The Enterprise Effect

Data centers are now driving sub-40nm designs for network control chips; speed plus demand for reduced power are forcing changes across the networking spectrum.


By Pallab Chatterjee
In the enterprise it’s all about speed and power—as in more speed and less power—and those changes are forcing shifts in the chip architectures as well as the processes used to develop those chips.

At the Linley Data Center Conference the next generation of network control chips were discussed. The keys for the new networks are 10G data lanes to be used with 10G/40G and 100G applications. For 100G the alternate configuration from 10 lanes of 10G was 4 lanes of 25Gb/s also being designed with 40nm.

The 40nm processes give the advantage of the data speed that was needed, plus power savings that are required to keep the reliability of the die and package. The trend is that these high-speed switches need to be available not as single PHYs, but as duals and quads. The 40nm node allows for target power at about 3W for these parts, which will enable 24- and 48-channel switch products.

The PHY that is being provided by most of the vendors can, with the 40nm process, support security data processing. The architecture for many of the high-throughput data systems includes local data analysis, decryption, policy and authentication testing off the early data bus just after the transceivers. These application processors can be on the same die or separate die from the PHY.

In applications where there are separate server processor chips, the trend is toward 32nm processes with multicore configurations. Intel is offering 6- and 10-core products under the Westmere architecture. For the upcoming Sandy Bridge architectures, they are featuring 8 and 12 cores using the 32nm process. On the server processor side, there also are 32nm products from AMD using the new “Bulldozer” architecture. Rounding out the server side there are also new cores from ARM with the Cortex A-15.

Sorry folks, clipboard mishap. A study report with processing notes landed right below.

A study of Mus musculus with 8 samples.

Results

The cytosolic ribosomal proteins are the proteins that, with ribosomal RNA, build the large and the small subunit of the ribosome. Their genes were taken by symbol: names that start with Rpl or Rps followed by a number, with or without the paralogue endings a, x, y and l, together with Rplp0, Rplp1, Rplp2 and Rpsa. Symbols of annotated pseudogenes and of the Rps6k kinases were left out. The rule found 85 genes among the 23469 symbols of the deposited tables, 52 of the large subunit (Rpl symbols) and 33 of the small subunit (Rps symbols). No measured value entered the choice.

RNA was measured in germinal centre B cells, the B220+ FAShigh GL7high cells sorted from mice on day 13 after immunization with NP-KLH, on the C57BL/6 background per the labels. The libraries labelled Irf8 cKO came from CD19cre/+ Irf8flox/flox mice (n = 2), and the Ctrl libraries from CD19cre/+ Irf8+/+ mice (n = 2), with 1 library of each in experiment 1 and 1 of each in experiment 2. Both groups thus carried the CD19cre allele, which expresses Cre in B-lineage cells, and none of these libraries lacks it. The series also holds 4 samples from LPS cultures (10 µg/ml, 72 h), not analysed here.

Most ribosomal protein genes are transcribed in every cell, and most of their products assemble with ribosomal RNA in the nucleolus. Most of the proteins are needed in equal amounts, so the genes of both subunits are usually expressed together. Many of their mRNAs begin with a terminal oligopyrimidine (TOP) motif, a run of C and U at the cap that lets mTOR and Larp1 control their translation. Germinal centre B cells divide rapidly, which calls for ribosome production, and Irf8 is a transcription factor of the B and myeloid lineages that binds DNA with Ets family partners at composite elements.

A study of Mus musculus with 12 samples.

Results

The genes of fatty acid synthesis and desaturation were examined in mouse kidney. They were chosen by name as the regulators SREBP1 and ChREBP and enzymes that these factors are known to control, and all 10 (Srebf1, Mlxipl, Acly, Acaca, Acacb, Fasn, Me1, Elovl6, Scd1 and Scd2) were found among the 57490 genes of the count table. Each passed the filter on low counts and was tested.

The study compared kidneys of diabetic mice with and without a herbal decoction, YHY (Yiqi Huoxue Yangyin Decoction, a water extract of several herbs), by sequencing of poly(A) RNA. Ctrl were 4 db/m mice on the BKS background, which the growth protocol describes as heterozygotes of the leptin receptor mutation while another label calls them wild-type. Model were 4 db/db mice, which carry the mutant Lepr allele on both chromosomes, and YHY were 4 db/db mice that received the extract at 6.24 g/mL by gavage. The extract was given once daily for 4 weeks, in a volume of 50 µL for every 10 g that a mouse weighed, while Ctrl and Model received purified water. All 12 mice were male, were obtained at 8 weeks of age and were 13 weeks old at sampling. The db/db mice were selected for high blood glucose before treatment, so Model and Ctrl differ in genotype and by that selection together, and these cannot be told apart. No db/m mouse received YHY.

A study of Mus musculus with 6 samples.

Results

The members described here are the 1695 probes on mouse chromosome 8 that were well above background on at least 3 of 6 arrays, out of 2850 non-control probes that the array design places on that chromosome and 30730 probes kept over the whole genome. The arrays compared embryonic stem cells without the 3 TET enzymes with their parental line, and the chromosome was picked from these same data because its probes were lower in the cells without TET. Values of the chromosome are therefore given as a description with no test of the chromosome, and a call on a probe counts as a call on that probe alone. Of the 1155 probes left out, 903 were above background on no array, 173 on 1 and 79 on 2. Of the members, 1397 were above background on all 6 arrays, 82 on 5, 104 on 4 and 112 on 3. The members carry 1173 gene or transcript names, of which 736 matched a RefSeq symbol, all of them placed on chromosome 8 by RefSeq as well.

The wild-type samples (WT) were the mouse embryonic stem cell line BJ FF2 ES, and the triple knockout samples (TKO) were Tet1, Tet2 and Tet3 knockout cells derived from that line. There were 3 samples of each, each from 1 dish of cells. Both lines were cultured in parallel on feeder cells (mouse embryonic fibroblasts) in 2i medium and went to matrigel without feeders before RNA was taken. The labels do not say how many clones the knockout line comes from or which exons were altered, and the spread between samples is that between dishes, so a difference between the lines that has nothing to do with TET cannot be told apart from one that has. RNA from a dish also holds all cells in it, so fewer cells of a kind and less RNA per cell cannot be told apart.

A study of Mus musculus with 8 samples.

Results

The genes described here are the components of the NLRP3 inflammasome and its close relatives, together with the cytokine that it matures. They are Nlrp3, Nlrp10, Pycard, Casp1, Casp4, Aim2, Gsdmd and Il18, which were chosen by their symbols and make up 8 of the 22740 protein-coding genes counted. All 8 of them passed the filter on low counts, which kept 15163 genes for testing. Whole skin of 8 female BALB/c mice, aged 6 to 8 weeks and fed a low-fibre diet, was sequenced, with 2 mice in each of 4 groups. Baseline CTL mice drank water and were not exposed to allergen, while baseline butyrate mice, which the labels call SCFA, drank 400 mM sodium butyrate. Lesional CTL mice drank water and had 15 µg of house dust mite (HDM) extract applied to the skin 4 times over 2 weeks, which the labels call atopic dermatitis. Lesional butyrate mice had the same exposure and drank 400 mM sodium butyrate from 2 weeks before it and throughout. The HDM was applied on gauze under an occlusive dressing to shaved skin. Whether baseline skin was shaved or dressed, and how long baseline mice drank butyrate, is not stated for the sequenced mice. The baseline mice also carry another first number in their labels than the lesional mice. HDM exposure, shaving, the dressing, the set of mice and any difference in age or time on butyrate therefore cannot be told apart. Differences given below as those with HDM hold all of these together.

For dedicated application processors, a number of multicore processors are now available using 40nm processes. These include the 16-core Octeon from Cavium Networks, the 8-core QorIQ from Freescale, the 4-core ACP3448 from LSI, and the 8-core XLP family of processors from Netlogic Micro. Also in this space is the Netronome NFP-3240, which is a 40-core 40Gbps flow processor that is a co-processor to the Xeon main processor for network traffic handling.

One of the power/performance drivers is the security aspects of the networks. The Federal Information Processing Standards (FIPS) 140 is focused on cryptography and security systems, not on items such as firewalls, Web filters, spam and virus protection, or content and flow control. The cryptographic modules are constantly increasing in complexity of their algorithms and degree of touch of the data.